During our week long break from school for Semana Santa (Holy Week), I figured I should take advantage of a few more days of travel. We didn’t venture too far from Sevilla although we still ended up on a 7 hour bus ride…they’re getting old I must say. Sarah and I headed north to Salamanca & Ávila, about halfway between Madrid and the Portuguese border. We booked last minute bus tickets Monday night after returning from Portugal less than 24 hours earlier. Our bus left Tuesday morning at 7 am which meant up and out the door by 5:45. I had a minor freakout at the bus station when I realized I hadn’t written down the confirmation number for our tickets from my e-mail inbox. After being asked 3 or 4 times if I had it by the lady in the ticket window and repeating no each time, we showed her our passports and she agreed to print off the tiny piece of paper that was our ticket (the bus driver hardly even looked at it). We boarded, were lucky enough to get our own seats since the bus wasn’t full and tried to sleep the best we could. I kept waking up thinking we were almost there and then realizing it had only been 30 minutes. We probably stopped in every decent size town between here and Salamanca. We arrived to beautiful views of the 2 cathedrals and the famous Universidad de Salamanca. The architecture was different than Andalusia and carried the old Spanish charm. All the buildings in the old city center were of the same building material which made for a beautiful sight. We got off the bus, figured out the city bus, and walked a few blocks to our hostel. We dropped our bags, got cleaned up, and headed for the sights. We toured the Catedral Nueva (New Cathedral) and the Catedral Vieja (Old Cathedral) as well as part of the University. All were gorgeous and very typical of other places we’ve seen in Spain. We were craving something different for dinner so decided on a Chinese restaurant. It was amazing and very cheap. We had soooo much food. We picked up a guide for Semana Santa in Salamanca and set out to wait for a paso. It turned out to be really easy, we just followed the crowds of people. We waited for a while before the first one came through. It was pretty but much different than the one I’d seen the day before in Sevilla. There weren’t as many people and it didn’t seem to be as big of a spectacle. It was a good experience nonetheless and we got some good photos to share.
Semana Santa in Salamanca
Wednesday we started with a tour of the Monasterio de San Esteban in Salamanca followed by a short bus ride to the walled city of Ávila. Ávila is one of the places I’d been waiting to visit in Spain and I’m really happy I finally had the opportunity. I remembered back to my high school Spanish teacher talking about a walled city in Spain where the streets are barely wide enough to drive in. I had also heard my uncle talk about the famous patron saint of Spain, Santa Teresa de Ávila. The view of the city from the highway was amazing. It was a tiny little town, not even worth a city bus ride from the bus station to the walled section. We entered, settled outside the cathedral to each some lunch, and then wandered through the streets. We went through the museum of Santa Teresa and walked into her convent and saw her chapel. We also saw her relics. The first time I’d seen relics! They had her ring finger preserved with a ring still on it, the sole of her sandal, and a few bones of St. John the Cross. It was a bit eerie to see her ring finger. No photos allowed or I definitely would have snapped a few. We left the city walls and walked to the Monasterio de la Encarnación where Santa Teresa was prioress. Once in the museum, they lock you and give you some information for a self-guided tour of the three floors where she lived. They had a replica of her room as well as places marked where Jesus supposedly appeared to her. To leave the museum, you had to ring a bell attached to a long rope and the ladies would come unlock the big wooden door to let you out, a very interesting experience. We walked around the city for a bit and stumbled into a Colombian restaurant for dinner. Apparently there are a lot of South Americans in Ávila. The people at the restaurant were very nice and told us they had lived in Florida for a number of years. The food was great and we had a nice little chat with them. We wanted to catch a paso in Ávila before our 10 pm bus so we set out and ended up following some nazarenos. We figured they would know where to go. We followed them for a while, stopping a few times along the way while the whole procession came together. It was similar to the paso we saw in Salamanca, not a ridiculous amount of people and the actual pasos were pulled by nazarenos instead of carried on the shoulders of costaleros. We saw the paso in two different places before heading back to the bus station to ride back to Salamanca.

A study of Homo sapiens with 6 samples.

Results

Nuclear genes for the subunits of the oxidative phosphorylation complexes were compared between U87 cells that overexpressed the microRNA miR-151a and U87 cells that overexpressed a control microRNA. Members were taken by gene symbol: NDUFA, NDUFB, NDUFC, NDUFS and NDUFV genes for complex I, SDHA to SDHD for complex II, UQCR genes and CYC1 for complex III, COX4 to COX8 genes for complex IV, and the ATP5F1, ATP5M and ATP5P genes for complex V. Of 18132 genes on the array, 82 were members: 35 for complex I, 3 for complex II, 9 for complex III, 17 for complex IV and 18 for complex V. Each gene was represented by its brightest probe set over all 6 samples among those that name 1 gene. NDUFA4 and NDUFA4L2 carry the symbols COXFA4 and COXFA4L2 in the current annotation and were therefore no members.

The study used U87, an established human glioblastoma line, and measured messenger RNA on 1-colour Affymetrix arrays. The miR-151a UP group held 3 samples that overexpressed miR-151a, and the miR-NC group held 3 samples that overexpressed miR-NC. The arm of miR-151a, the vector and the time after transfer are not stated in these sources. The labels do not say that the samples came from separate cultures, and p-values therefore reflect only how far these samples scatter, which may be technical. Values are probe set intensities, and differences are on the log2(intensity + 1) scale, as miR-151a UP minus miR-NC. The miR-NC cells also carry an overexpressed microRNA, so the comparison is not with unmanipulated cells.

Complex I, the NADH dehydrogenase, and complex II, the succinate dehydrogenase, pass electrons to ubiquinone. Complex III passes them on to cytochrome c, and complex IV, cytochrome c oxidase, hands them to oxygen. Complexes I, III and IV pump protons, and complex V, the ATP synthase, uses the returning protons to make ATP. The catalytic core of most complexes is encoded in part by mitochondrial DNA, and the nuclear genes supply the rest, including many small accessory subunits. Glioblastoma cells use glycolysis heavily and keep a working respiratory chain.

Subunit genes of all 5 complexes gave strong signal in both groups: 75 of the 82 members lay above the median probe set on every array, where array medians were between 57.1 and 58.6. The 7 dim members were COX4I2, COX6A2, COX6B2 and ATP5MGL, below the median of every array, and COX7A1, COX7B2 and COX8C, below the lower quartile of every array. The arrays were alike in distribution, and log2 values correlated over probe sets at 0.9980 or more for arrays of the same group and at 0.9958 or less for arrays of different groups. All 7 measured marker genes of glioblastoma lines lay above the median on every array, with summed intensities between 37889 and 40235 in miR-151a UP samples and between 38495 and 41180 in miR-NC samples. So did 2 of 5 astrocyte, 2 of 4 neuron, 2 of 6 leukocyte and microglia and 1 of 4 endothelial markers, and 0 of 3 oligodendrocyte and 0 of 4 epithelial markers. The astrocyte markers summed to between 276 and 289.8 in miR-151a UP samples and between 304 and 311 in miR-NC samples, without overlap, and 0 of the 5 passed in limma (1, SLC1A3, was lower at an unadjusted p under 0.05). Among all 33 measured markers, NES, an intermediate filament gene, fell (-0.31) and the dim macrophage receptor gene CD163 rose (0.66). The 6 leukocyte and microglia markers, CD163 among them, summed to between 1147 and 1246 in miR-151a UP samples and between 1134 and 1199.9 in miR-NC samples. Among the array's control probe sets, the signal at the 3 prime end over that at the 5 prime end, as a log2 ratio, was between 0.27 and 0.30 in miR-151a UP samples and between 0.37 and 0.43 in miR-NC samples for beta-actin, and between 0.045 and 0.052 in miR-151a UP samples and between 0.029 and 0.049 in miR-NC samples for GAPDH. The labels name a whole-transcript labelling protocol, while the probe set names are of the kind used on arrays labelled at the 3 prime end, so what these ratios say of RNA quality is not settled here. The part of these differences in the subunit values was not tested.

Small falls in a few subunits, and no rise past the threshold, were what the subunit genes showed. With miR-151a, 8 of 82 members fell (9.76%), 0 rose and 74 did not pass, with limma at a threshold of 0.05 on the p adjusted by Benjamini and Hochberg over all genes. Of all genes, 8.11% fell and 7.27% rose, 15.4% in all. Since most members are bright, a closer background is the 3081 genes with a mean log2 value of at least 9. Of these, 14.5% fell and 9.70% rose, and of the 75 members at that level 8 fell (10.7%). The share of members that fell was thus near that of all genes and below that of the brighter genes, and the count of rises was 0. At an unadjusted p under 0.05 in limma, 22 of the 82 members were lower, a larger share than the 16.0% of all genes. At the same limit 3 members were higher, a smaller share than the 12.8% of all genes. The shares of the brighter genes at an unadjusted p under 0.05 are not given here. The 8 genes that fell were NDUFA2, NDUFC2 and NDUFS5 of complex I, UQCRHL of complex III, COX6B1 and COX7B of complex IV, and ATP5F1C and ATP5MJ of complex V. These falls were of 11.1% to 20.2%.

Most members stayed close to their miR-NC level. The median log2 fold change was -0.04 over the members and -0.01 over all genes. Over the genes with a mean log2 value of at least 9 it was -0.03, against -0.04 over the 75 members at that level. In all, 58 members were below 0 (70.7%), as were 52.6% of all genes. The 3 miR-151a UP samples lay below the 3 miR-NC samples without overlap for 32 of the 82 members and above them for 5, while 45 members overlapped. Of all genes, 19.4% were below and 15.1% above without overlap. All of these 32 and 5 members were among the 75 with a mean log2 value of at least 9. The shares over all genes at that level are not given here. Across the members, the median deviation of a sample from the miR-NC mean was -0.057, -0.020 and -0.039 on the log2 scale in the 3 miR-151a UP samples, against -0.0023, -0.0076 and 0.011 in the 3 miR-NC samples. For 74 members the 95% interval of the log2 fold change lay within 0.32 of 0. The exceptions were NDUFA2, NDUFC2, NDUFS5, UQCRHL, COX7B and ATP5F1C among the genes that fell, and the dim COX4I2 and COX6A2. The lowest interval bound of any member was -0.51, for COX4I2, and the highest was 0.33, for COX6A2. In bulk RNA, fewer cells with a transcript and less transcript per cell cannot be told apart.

Wednesday morning we slept in a bit, walked down to the 1st century Roman bridge in Salamanca and then stopped for a leisurely breakfast before heading back to pick up our bags and catch the city bus to the bus station. Sarah enjoyed eggs for breakfast, something that Spaniards never eat for breakfast! We picked up our things, headed for the bus station and made our way back to Sevilla about 8 pm.
View from Ávila
It was a great little trip and it was interesting to see a different region of Spain.